A poisonous plant, which was thought to have been almost extinct in the UK, has been found in a garden in Long Sutton.
Agrostemma Githago, also known as corn cockle, has also been found in Sunderland, leading to a national newspaper writing an article about the plant.
Long Sutton resident Gillian Fensom was reading the paper when she spotted the plant.
Gillian said: “I saw the article and thought ‘my goodness, that looks familiar’, so I decided something needed to be done about the plant.
“I must have planted them in early April as I used a packet of wild flower seeds which my son had given me for Mothering Sunday.
“There isn’t just one of these plants – there’s several of them scattered around.
“I’ve already warned the little boy next door, whose football often flies over the fence, not to touch them and not to go near them if his football ends up there either.”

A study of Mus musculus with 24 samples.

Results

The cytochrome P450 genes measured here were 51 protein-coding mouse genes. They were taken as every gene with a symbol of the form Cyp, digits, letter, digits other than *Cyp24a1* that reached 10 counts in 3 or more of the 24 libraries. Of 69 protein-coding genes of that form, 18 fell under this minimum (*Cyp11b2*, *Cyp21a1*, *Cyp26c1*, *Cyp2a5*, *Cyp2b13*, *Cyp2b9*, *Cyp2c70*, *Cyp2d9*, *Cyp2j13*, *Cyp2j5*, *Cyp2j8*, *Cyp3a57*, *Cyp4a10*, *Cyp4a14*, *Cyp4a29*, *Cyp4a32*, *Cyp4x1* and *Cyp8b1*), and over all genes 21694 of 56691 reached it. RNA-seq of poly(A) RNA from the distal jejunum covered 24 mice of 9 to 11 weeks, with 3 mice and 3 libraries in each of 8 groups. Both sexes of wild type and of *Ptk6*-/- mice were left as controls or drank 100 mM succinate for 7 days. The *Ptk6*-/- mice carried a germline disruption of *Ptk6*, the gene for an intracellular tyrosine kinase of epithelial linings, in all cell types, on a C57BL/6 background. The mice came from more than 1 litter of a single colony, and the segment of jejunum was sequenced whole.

It is believed that the plant was brought into England from Europe by Iron Age farmers but was wiped out by modern farming methods and herbicides.
Gillian said: “The plant will soon be going to seed and I don’t want the seeds to scatter further.
“I would keep the plant if it wasn’t the one I read about, because it is very pretty, but I must get rid of it.”
The plant is said to contain noxious toxins and poison which can lead to severe stomach pain, vomiting, diarrhoea, dizziness, weakness, slow breathing and, in extreme cases, death.
The fine hairs on the plant can also cause skin irritation if touched.
Local gardening expert Daphne Ledward said: “The plant is less common than it used to be with modern farming practices – it used to be found in abundance in cornfields, along with poppies, corn marigolds and cornflowers but herbicides have largely killed it out.
“It is poisonous, as are a lot of other British wildflowers, but as long as you don’t eat the plant, it isn’t likely to harm you.”